The next time you're on an airplane, think about how much money you spent on your ticket — and then imagine how much the person next to you paid.
The prices might be wildly different. That's because plane ticket prices are "uniquely volatile," according to Scott Keyes, founder and CEO of Scott's Cheap Flights, a Portland, Ore.-based newsletter that sends daily airfare deals to 2 million-plus subscribers. Finding good prices, he says, has become an art form in and of itself.
"Airfare is unlike anything else we buy," Keyes tells CNBC Make It. "It is uniquely priced. It doesn't behave like other things, and as a result we face uncertainty [when buying]."
You may buy a round-trip flight for $500, only to see the same seats going for $250 the next day. Or, you hold off on buying that $500 flight because you hope the price goes down, and end up watching it climb up to $750.
"Nobody sets out to book expensive flights," Keyes says. "We wind up booking expensive flights."
The reason, Keyes says: Often, people avoid making purchases against their better judgment, or allow irrational thoughts to get the better of them. Here, he breaks down a few psychological and mental biases that prey on consumers looking for airfare:
Don't procrastinate or engage in wishful thinking
One of the worst things you can do while searching for airfare: waiting until the last minute to purchase your seats, hoping that prices will drop. This, along with tactics like clearing your cookies or searching in a private browser tab, is what Keyes calls "wishful thinking."
"Waiting until the last minute, in the hopes there will be a sale, is not going to do anything to get flights cheaper," Keyes says. "It bears no real relationship to the reality that flights are almost certainly going to get more expensive in that time, and as a result, you might end up overpaying."
He says that while you can realistically hope fares will get cheaper when you give yourself plenty of time to find a flight, you shouldn't hold onto that hope once your departure date is looming.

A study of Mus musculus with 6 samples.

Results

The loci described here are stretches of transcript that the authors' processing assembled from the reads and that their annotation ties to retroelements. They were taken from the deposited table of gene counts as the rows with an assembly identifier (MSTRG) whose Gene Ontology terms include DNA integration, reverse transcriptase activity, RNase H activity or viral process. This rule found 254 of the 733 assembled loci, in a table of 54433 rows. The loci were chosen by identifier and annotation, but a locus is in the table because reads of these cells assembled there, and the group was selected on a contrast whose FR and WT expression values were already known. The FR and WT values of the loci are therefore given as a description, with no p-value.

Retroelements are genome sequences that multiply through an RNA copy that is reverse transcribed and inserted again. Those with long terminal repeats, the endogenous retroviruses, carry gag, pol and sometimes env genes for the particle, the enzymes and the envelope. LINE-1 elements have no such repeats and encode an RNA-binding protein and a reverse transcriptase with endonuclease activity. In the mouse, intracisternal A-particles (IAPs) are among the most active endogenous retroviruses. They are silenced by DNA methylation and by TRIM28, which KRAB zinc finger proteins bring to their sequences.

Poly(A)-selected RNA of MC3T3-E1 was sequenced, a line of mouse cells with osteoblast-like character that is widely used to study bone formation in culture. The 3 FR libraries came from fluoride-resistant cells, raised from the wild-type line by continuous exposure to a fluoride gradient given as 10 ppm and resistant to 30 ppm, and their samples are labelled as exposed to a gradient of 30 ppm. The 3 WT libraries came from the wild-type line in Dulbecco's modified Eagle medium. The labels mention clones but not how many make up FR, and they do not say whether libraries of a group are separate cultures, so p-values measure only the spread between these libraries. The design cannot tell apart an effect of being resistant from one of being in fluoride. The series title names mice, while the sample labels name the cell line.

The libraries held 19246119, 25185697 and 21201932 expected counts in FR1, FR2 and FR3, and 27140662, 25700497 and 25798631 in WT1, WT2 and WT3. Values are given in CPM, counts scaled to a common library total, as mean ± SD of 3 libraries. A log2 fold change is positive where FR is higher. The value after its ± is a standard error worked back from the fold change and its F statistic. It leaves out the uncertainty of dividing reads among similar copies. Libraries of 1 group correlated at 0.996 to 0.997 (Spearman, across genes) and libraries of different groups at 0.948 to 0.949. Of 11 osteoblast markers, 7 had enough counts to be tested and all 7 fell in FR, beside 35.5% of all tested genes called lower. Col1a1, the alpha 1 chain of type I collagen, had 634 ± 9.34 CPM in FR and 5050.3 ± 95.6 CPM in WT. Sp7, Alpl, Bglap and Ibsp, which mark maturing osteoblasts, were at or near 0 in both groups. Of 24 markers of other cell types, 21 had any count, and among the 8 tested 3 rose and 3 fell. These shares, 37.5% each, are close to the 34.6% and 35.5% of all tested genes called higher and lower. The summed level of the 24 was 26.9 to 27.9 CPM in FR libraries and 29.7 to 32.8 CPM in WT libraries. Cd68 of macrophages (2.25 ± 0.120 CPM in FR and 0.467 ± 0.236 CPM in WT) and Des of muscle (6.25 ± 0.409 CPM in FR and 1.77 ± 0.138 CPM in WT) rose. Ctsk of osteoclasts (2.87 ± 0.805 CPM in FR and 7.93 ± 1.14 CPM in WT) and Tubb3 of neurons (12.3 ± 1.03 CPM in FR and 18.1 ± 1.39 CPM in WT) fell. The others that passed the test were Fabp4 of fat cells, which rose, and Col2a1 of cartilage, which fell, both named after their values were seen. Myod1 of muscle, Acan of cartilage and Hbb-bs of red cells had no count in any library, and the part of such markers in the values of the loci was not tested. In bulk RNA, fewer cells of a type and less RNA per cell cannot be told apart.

"The bygone era of cheap last minute standby flights has not existed for a long time," he says. "[Waiting] is a recipe for disaster. You want to make sure your strategy is grounded in actual best practices."
Searching for airfare can be anxiety inducing, and the urge to put off the process can be tempting. Keyes recommends searching during what he calls the "Goldilocks window," which he suggests is the period during which the best rates on flights tend to be found. It isn't too long before the travel date, nor is it too close, he says.
For domestic flights, Keyes says the Goldilocks window is usually between one and three months ahead of your travel dates. For international flights, it's between two and eight months ahead of time.
"Most airlines start selling their flights 12 months ahead of travel," Keyes says. "But if you book your flights a year in advance, the prices on those are generally not good."
Don't worry about what you paid in the past, or buy out of fear
Many travelers base their purchasing decisions on the price they paid for their last trip. At the risk of sounding obvious, Keyes says, you should instead focus on what the best prices actually are.
Say, for example, that you flew round trip to Paris in 2011 for $1,000. Now, you want to return — and you're seeing comparable flights that cost a very similar $1,100.
"You might say, 'OK, that's about what I paid last time, that's a pretty good price,' without realizing that cheap flights are popping up all the time," Keyes says, adding that with time and patience, you should be able to find a round-trip flight from anywhere in the U.S. to Paris for under $600 right now.
Similarly, you might see a particular airfare hover at the same price for several weeks — and assume it's the lowest it'll go. This, Keyes says, is a mistake: "Airfare can stay at once place for a long time and [then] drop out of nowhere."
Often, Keyes says, people are willing to purchase an expensive flight if they're scared the price will increase even more. There's a psychological reason for this: According to research from Nobel Prize-nominated economist Richard Thaler, people derive twice the amount of negative emotion from losses as they do positive emotion from gains.
In the context of airfare, Keyes says, that means travelers can miss out on better deals if they feel they're at least avoiding price hikes. "Let's say you're looking at a flight to Paris that's $1,500. That's a terrible price, but you might book that flight because you're worried it'll go up," he explains.
In other words: Don't rely on your most recent trip as a frame of reference. Consider if you're safely within the Goldilocks window, and allow yourself to wait for a better price.